Wilfred Kigen Runs Course Record, Melanie Kraus Achieves Sensational Win in Frankfurt

By Jörg Wenig
Wilson Kigen was the first to the Frankfurt Marathon's indoor finish. © www.photorun.net
Wilson Kigen was the first to the Frankfurt Marathon's indoor finish. © www.photorun.net

Wilfren Kigen achieved the crowning performance in the history of the men’s race in the oldest city marathon in Germany: the 32-year-old Kenyan sped across the finish line of the 26th Dresdner Kleinwort Frankfurt Marathon in the city’s festival hall in 2:07:58 hours. It was the first time that anyone had run under 2:08 in Frankfurt, and was the eighth fastest time in the world this year. Kigen improved his own course record by 33 seconds from his time in 2005. Melanie Kraus produced a sensational home victory, taking the race in 2:28:56. A record 18,245 athletes entered the Frankfurt Marathon, of whom 11,483 were runners.

Led by pacemakers, a lead group of 20 reached halfway in 64:03. At 30 kilometers, Hosea Rotich provided a big increase in the tempo, breaking up the lead group. The Kenyan ran the next kilometer in 2:51 minutes. “I knew it was too fast for him and I would come again,” said Kigen, who, together with Peter Kiprotich, caught up with Rotich again by 35K. Soon after Kiprotich fell back.

Following a dramatic duel, Kigen broke away from his compatriot Rotich, who finished second in 2:08:11. Two other runners finished under 2:09: Kenyans Sammy Kurgat (2:08:38) and Peter Kiprotich (2:08:49). Altogether six athletes went under 2:10; only in the Amsterdam and London races this year have more runners produced more sub-2:10 results. Before this race, sub-2:11 had been run 14 times in Frankfurt. A further 8 were added to the list just on this one day, evidence of the quality of the men’s race.

“That was the hardest of my three Frankfurt wins. I had no idea who was running near me. I’ve never run against Hosea Rotich before,” said Kigen, who became the first man to achieve a hattrick of wins in Frankfurt. While Kenyans filled the first nine places, Germany’s Olympic champion Dieter Baumann (5,000m in 1992), raising funds for charity, finished in exactly 2:30:00 to place 37th.

With a brilliant solo performance, Kraus ran to the greatest win of her career, providing the biggest surprise of the day. After 15K she was back in eighth place, only overtaking the leader and favorite Svetlana Zaharova two kilometers from the finish. The Russian, returning to the marathon after having a baby, eventually finished second in 2:29:12, while the Norwegian Melkevik Otterbu surprisingly took third place in the same time. “I wanted to get the Olympic qualifying time,” said the 33-year-old winner, who added: “When my coach called out to me at 30 kilometers that I could catch Svetlana, I knew I would do it. Next year I want to run in the Olympics in Beijing and defend my title in Frankfurt.”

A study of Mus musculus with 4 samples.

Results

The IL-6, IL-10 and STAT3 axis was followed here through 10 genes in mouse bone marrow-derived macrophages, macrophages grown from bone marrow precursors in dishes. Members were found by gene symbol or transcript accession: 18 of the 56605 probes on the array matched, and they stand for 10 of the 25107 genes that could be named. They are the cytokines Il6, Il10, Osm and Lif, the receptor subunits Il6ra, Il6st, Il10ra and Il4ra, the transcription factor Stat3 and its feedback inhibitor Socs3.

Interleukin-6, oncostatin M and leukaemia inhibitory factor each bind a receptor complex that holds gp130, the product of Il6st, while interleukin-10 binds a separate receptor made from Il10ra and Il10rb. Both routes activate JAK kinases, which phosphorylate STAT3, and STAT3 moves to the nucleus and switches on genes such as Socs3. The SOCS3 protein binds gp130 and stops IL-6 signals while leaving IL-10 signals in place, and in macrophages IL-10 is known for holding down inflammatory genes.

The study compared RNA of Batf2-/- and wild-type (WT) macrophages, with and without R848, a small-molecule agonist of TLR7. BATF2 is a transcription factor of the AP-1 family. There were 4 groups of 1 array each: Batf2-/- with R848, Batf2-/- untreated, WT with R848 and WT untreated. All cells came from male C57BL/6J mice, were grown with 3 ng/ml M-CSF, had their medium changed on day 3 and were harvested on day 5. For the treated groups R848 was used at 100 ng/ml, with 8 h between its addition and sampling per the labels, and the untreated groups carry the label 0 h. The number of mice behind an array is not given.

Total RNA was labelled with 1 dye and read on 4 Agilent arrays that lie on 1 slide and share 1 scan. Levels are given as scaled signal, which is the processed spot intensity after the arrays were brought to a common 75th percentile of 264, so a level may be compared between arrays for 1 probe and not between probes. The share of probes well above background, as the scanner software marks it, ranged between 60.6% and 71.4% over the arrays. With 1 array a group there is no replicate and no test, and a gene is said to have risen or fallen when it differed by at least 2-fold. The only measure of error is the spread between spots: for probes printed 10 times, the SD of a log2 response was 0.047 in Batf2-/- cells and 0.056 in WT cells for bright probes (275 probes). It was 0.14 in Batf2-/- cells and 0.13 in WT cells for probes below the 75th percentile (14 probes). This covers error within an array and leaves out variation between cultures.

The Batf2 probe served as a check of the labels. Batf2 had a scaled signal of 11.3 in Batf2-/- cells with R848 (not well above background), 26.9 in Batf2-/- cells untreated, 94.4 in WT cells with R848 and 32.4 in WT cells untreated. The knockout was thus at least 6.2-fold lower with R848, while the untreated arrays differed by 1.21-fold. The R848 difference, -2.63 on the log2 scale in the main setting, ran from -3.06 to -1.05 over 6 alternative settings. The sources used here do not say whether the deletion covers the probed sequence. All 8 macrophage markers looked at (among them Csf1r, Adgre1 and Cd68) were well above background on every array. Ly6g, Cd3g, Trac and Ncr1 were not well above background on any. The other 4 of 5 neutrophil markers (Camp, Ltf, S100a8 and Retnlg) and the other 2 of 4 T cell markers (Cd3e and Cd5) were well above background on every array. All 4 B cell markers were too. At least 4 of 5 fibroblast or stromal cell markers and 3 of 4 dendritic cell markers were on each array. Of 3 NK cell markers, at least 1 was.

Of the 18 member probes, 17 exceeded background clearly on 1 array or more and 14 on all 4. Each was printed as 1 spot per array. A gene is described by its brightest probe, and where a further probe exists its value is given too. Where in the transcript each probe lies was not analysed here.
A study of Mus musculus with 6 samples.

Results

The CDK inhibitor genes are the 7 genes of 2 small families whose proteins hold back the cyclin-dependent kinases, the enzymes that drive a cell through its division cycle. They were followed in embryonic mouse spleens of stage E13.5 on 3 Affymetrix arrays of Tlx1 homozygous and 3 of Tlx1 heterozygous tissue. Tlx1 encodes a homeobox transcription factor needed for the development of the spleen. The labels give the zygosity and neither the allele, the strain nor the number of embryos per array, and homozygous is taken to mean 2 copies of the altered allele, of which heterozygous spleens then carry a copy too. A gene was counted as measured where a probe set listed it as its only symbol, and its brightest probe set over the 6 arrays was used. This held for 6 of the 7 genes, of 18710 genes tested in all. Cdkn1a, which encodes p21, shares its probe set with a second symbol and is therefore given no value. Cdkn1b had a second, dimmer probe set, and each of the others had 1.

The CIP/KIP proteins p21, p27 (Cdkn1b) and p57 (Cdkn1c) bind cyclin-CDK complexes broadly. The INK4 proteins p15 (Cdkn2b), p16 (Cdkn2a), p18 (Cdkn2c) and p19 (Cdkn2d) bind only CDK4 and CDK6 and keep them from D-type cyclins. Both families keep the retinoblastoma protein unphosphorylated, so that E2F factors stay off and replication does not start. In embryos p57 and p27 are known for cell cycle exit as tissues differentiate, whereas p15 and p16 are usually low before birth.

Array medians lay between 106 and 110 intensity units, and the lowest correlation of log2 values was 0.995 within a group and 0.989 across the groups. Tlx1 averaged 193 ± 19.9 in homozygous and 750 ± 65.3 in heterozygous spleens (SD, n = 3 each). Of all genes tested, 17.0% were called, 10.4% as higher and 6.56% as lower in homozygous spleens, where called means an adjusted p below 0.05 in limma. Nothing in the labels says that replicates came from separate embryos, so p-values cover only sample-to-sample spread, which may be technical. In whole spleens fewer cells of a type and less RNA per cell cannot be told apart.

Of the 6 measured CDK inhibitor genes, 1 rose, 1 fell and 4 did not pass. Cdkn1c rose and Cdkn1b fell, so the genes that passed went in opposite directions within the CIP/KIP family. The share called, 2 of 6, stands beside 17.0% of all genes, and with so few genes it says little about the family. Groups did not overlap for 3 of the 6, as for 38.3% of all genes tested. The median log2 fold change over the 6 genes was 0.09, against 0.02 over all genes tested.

Sixth was the European champion Ulrike Maisch (Germany) in 2:32:41. That represented a good comeback for her after lengthy problems with a foot injury. “I am almost as happy as a year ago after my win in the European Championships. I think I can build on this. Next spring I would like to run 2:28 in Hamburg,” said Maisch.

World Champion Kibet Wins in Portsmouth

Nothing—neither his rivals nor miserable weather—could beat the marathon world champion from Osaka in the English town of Portsmouth. Luke Kibet (Kenya) won the BUPA Great South Run over 10 miles in a speedy 47:31. A Kenyan was also to the fore among the women: Rose Cheruiyot ran 53:44. The race attracted 18,500 participants despite wind and rain. The official starter was David James, the England football goalkeeper.

After 4 miles, a group of four had gone into the lead in the men’s race. Kibet broke away from them 4 kilometers from the finish. “All in all, it was a hard race, because the wind blowing in from the sea made it really difficult for me,” said Kibet, who also won the Vienna Marathon this year. As he did last year, Spaniard Chema Martinez took second. He finished in 47:50 minutes, two seconds clear of Jonathan Maiyo of Kenya.

Cheruiyot dominated the women’s race. The wife of the former 5,000m world champion Ismael Kirui also ran the marathon in Osaka, but failed to finish among the leaders. “I suffered in the heat and humidity of Osaka. But this win shows that I’m on the way back to my best form,” said Cheruiyot. Behind her two Britons fought a desperate duel for second place: Hayley Yelling came through to outsprint Mara Yamauchi by just one second in 54:12.

More than 20,000 Finishers at Marine Corps Marathon

Once again, the Marine Corps Marathon in Washington, D.C. had a large field. Out of 21,226 starters, 20,600 runners finished the 32nd edition of the race. Tamrat Ayalew (USA) won the race in 2:22:20, thus denying Mexico’s Ruben Garcia a hattrick. Garcia took second in 2:24:20. A debutante won the women’s race: Kristen Henehan (USA) clocked 2:51:14 for the win.